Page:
Pasta Can Help You Lose Weight, Unless You’re Making These 7 Mistakes

Choose tomato sauce over creamy sauces to keep calories in check.



"Carbs are a primary source of energy for our bodies — they act like gasoline for a car," Moskovitz says.

In other words, a balanced bowl of pasta can help you power through the day (and a tough workout).

All this is to say, pasta can be part of a healthy weight-loss diet. Just steer clear of these six common mistakes.


Your plate of pasta shouldn't be void of vegetables. Veggies add bulk and satiating fiber to our meals that can help slow digestion, resulting in a steadier stream of energy, Moskovitz says.

Further, slowing digestion can also lead to lower levels of insulin, a hormone that regulates blood sugar and can also influence appetite and fat accumulation, Moskovitz explains.

Mistake 2: Not Pairing It With Protein

If you're omitting meatballs from your meal to cut calories, you might be missing out.


Indeed, eating more protein is not only more filling, but it may also reduce fat mass and help you maintain lean muscle when you're trying to lose weight, per a November 2014 study in Nutrition & Metabolism.

Not a meat lover? Lob in legumes like lentils or sprinkle your spaghetti with cheese for a punch of protein.


It's not the noodles themselves but what sauce you slather on them that can make pasta problematic for your weight-loss efforts.

For example, creamy, dairy-based sauces tend to be high in fat and calories, Moskovitz says. And it's a surplus of calories that's more likely to cause weight gain (not simply slurping down some spaghetti here and there), she adds.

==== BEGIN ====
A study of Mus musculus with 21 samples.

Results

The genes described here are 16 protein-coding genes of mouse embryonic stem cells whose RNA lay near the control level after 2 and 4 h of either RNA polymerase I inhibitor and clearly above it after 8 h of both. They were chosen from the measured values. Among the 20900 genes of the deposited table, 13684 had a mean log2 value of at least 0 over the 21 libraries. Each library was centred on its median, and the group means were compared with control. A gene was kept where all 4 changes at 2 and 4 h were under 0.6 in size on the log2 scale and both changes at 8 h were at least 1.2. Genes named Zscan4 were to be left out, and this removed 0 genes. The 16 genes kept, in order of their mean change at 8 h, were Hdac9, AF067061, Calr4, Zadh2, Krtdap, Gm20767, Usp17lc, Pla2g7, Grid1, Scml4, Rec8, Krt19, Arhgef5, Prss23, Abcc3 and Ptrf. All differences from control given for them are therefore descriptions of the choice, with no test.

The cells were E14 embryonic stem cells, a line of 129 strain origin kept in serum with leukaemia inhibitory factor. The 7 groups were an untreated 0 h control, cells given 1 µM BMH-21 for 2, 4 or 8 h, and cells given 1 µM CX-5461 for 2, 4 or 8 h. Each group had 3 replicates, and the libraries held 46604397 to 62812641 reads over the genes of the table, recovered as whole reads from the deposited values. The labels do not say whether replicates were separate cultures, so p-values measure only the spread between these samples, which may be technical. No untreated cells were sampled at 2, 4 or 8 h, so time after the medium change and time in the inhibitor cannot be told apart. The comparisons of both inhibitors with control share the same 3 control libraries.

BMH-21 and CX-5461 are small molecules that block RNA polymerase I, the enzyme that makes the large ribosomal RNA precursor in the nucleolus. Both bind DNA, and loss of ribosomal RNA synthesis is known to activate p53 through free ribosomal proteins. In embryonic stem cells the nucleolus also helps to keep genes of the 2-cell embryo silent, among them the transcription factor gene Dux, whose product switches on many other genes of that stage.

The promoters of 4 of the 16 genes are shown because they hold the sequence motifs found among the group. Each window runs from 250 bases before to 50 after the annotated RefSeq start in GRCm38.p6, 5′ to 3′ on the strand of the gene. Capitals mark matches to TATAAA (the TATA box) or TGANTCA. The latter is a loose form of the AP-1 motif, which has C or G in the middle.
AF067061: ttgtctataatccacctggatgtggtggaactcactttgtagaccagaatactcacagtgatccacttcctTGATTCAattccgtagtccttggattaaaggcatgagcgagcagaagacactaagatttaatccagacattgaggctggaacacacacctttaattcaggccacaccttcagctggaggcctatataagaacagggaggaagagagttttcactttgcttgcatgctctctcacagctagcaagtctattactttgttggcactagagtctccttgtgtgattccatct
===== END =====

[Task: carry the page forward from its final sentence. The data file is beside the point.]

That's why Moskovitz suggests choosing a sauce with fewer than 10 grams of fat per serving. Same goes for sauces with excessive sugar: aim for under 10 grams.

To slash the sugar and fat, look for a product that's tomato-based and seasoned with flavorful herbs like garlic and basil (bonus if it contains extra veggies), Moskovitz says.


"Enjoying a small bowl of pasta here and there has minimal to no impact on weight," Moskovitz says. However, frequently feasting on larger, restaurant-style portions of pasta can cause a calorie surplus and sabotage your goals.

Here's why: What carbs you don't burn for fuel are stored as glycogen in your liver and muscle, and when those storage locations are at max capacity, your body will convert the excess glycogen into fat cells, Moskovitz explains.

In short, if you continuously overload your pasta portions, you will gain weight over time.

"Spacing out your intake with sensible portions that appropriately match your caloric needs is the best way to keep pasta in your diet and still feel your healthiest," Moskovitz says.

Mistake 5: Choosing White Pasta

Rethink your refined white pasta — which is lacking in weight loss-friendly fiber and protein and can lead to blood sugar spikes — and swap your noodle for a more nutrient-dense variety.

"While whole-wheat or bean-based pastas are not as traditional, they pack in a lot more filling fiber, especially black bean, chickpea and lentil versions," Moskovitz says.

Remember, fiber slows down digestion and decreases the amount of total carbs absorbed by the body. So, the more fiber your pasta contains, the more likely you will feel full, satisfied and energized for hours later, Moskovitz says.


Eating an entirely carb-based meal minus other macros is unbalanced and will inevitably lead to a carb crash and more cravings.

And this is especially true of pasta. "If you're just eating one food for dinner, chances are you're going to eat a lot more of that food to fill up," Moskovitz says. And we already know that a surplus portion of pasta can prevent you from shedding pounds.

But pasta doesn't have to be the main event — it can work as a stellar side dish too.

"Balancing your meal with a protein, veggie and fat can naturally keep portions in check — it's the difference between a four-cup bowl of pasta and a one-cup side serving," Moskovitz says.

Mistake 7: Feeling Guilty About Eating Pasta

"No matter what, pasta is never enjoyable with a side of guilt," Moskovitz says. "If you end up eating more pasta than you planned, or it came under a thick, calorie-dense cream sauce, it's not the end of the world."

What's most important is that you don't beat yourself up, or say, "screw it," and let the minor setback steer you off course completely. "This all-or-nothing attitude can derail your weight-management efforts way more than a few pasta dinners," Moskovitz says.